Green thumb: the scent of spring
WHEN the scent of jasmine (jasminum polyanthum) is in the air, you can be sure that spring has arrived.
Jasmine is a quick-growing evergreen vine with small deep green leaves. The numerous clusters of bright pink buds open to pure white star-shaped flowers which are intensely fragrant, a sweet, spicy, heady fragrance that is absolutely unmistakable.
Jasminum polyanthum is native to western and southern China. The growing tips twine and curl around whatever support they can find. Left to its own devices, jasmine will spread for several metres, climbing over fences, pergolas, sheds and water tanks, and scrambling up trees and through hedges. Jasmine bursts into bloom suddenly in late winter or early spring, flowers madly for a few weeks, and then starts the important business of growing like crazy during summer. The stems can travel long distances across the ground, frequently rooting at leaf nodes to produce new plants. It can become a pest in bushland if it is allowed to escape from a garden, or if prunings are dumped.
In the UK and Ireland, jasmine is grown as an indoor plant, with the climbing shoots trained into topiary frames to keep the plant manageable. So don't dismiss it as a pot plant, if you're prepared to spend time training and pruning. Grab a pot now and keep it inside for a week or two to enjoy the delicious fragrance before planting it out in its permanent home.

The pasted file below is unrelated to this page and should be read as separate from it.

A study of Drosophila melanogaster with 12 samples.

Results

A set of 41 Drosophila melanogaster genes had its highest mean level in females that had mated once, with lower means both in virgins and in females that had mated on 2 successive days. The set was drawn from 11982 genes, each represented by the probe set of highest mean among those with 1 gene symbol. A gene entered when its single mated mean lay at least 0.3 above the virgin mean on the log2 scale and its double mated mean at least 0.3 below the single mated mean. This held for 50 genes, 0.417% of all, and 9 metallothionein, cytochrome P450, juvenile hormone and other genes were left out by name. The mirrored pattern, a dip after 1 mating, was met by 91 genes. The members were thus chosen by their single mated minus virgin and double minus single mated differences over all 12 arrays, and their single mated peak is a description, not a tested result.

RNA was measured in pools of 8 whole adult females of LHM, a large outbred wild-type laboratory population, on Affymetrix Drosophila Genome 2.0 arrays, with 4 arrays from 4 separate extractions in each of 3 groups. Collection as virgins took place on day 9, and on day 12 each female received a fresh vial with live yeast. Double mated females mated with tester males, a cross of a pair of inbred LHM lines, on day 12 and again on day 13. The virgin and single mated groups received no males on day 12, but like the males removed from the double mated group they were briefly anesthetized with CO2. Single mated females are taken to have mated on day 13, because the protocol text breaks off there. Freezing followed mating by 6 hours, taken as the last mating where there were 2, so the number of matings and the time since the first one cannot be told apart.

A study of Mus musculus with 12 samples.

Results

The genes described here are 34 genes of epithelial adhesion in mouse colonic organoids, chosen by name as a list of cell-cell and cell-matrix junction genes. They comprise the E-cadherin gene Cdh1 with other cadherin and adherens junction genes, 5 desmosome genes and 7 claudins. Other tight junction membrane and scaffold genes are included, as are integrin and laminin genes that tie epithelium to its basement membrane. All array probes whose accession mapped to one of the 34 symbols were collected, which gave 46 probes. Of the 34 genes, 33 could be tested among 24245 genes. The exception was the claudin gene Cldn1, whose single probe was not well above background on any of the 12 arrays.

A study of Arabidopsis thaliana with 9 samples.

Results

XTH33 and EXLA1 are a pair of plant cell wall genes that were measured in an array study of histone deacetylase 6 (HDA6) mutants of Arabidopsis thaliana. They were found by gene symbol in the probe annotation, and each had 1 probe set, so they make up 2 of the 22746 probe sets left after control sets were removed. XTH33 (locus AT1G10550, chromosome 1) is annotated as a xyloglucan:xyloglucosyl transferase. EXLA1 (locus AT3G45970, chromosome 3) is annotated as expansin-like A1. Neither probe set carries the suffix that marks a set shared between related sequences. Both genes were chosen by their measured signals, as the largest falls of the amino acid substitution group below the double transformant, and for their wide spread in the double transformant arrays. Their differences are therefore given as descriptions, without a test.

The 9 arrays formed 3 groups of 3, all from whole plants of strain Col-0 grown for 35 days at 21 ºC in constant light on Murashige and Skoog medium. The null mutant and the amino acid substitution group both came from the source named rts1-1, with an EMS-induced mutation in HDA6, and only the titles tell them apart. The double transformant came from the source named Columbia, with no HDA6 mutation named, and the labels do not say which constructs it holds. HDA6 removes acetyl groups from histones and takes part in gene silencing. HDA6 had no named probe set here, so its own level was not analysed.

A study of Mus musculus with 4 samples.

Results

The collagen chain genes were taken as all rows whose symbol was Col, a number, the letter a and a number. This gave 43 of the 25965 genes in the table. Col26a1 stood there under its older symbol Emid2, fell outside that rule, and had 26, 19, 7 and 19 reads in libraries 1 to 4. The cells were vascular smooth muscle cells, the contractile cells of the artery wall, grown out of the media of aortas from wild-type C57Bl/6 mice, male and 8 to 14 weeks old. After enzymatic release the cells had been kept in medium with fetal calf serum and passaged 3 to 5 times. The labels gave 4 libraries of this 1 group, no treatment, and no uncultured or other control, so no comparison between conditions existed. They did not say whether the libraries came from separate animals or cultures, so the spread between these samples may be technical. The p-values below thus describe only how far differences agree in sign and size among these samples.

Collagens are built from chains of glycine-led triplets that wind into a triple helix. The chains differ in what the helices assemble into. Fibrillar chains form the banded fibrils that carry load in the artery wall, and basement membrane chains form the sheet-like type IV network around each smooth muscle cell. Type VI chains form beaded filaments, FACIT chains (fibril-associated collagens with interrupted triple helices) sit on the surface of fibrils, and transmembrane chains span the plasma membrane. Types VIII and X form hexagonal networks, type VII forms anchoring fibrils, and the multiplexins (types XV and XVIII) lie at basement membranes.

If you want longer-lasting fragrance, or are concerned about the rampant nature of jasmine, consider the better-behaved, longer-flowering trachelospermum jasminoides (Chinese star jasmine). This lovely vine has glossy, bright green new growth which deepens to a lovely rich green. It will flower through spring and summer in a sunny to partly shaded position, and makes a good groundcover.
Another unmistakable spring fragrance is the citrus blossom. Citrus are usually planted because of their fabulous fruit, but I firmly believe they are worth growing for their fragrance alone. Although my trees are still laden with fruit, they are also smothered in sweetly scented blossom.
In the native garden, boronia megastigma (brown boronia) is perhaps the scent of spring. This lovely shrub has fine foliage and masses of tiny brown bell-shaped flowers which are rather small and insignificant but have an exquisite fragrance.